The COVID-19 pandemic has seen loads of technology firms offer support, and it looks like these companies are willing to step things up even further.
More specifically, it’s believed that the government is eyeing the use of location data to track whether people are indeed keeping a safe distance from each other.
The data would reportedly be anonymized and aggregated, three sources told the Post. But the New York Times has previously shown that people’s identities can indeed be tied to anonymous smartphone tracking data. So we really have to wonder whether tech firms would be able to provide the government with truly anonymous, aggregated tracking info in the first place.
Nevertheless, there’s no doubting that smartphone tracking data could be of use to authorities trying to clamp down on the coronavirus pandemic and future disease outbreaks. For example, this could theoretically be used to stop people trying to conduct large-scale meetings.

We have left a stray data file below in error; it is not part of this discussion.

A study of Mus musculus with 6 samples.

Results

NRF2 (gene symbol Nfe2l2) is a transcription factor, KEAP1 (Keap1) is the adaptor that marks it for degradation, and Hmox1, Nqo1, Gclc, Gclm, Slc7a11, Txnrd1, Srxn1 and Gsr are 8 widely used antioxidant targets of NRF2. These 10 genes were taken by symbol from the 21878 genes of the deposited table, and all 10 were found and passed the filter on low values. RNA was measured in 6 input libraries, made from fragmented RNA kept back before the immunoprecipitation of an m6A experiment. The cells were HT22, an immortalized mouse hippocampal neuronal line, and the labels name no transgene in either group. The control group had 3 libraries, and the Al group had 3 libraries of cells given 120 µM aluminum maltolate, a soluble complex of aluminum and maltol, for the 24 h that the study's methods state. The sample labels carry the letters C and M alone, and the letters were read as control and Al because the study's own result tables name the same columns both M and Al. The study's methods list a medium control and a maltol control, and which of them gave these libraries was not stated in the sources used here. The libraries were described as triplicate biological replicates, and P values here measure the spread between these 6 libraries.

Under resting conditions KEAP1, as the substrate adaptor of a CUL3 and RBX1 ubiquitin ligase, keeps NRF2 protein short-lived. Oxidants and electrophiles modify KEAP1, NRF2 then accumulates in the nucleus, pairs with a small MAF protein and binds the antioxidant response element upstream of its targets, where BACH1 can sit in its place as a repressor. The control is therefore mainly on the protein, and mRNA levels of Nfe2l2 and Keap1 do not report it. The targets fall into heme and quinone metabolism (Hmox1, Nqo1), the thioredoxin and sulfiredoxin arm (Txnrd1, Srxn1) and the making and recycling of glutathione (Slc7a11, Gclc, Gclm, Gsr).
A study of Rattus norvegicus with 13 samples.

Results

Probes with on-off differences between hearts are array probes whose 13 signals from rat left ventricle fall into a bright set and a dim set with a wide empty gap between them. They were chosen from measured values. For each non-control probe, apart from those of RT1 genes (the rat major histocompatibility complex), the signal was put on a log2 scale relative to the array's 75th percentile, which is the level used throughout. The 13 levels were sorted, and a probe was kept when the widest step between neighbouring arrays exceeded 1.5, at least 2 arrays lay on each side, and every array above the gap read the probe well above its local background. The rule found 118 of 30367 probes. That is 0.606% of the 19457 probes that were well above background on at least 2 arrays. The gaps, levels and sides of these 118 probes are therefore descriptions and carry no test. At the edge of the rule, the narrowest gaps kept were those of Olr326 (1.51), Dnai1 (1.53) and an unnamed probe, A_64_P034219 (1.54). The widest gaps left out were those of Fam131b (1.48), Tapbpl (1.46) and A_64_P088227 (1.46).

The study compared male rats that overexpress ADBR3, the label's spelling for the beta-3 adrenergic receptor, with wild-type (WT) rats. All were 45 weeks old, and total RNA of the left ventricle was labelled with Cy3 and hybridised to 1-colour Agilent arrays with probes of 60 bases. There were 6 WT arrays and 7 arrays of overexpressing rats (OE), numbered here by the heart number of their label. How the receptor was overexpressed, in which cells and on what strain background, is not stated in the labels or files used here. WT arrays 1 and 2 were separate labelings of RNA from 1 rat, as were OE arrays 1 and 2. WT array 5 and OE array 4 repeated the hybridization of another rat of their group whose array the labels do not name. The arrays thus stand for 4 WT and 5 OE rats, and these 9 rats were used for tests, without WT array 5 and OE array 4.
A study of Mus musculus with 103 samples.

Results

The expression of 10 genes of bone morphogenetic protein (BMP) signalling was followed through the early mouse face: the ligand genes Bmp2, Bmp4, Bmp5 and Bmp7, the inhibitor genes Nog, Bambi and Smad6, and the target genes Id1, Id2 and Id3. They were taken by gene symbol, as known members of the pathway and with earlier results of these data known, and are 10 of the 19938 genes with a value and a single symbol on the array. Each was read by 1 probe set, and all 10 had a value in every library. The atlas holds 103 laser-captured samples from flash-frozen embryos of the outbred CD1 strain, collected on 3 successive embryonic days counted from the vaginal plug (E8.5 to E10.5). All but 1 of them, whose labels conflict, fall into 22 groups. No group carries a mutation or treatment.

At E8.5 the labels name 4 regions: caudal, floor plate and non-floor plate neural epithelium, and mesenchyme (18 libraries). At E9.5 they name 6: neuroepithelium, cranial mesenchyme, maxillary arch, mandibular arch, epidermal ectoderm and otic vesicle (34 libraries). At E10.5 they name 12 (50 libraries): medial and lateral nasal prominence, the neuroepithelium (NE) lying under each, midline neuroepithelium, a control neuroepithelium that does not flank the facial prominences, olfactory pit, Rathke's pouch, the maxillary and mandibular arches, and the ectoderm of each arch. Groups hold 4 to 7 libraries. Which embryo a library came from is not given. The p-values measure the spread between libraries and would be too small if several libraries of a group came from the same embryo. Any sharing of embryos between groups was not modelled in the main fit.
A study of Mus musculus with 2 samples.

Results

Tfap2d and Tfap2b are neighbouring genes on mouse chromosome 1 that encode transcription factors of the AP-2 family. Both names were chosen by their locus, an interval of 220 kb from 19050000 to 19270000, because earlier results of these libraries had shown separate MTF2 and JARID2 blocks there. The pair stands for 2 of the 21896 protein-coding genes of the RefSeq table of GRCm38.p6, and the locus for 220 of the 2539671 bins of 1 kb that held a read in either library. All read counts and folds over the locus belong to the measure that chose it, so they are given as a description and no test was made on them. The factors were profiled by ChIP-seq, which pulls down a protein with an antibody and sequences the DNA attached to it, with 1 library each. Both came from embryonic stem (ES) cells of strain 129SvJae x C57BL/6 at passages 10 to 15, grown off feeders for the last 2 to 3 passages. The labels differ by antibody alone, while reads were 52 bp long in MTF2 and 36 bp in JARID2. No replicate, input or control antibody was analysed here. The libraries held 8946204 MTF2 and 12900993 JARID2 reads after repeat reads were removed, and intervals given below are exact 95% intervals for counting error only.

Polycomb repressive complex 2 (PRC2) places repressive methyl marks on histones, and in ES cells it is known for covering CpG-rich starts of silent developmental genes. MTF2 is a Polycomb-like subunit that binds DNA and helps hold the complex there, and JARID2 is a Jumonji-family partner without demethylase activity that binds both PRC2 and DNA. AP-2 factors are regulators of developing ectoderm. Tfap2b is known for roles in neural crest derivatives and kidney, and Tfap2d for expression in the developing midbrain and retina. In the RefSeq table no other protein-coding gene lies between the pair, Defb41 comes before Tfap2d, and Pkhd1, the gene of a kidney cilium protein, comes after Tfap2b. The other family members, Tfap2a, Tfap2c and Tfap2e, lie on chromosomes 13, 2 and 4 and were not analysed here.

Facebook and Google’s responses
Facebook didn’t confirm or deny that it was in talks about working with the US government about using smartphone tracking to combat the coronavirus crisis. But a representative told CNET that several governments are supportive of its Disease Prevention Maps feature.
“In the coronavirus context, researchers and nonprofits can use the maps, which are built with aggregated and anonymized data that people opt in to share, to understand and help combat the spread of the virus,” the representative added.
Google didn’t directly confirm the discussions with the US government either, but told the Post it was looking at ways that “aggregated, anonymized” tracking data can be used to combat the COVID-19 pandemic.
“One example could be helping health authorities determine the impact of social distancing, similar to the way we show popular restaurant times and traffic patterns in Google Maps,” the representative noted.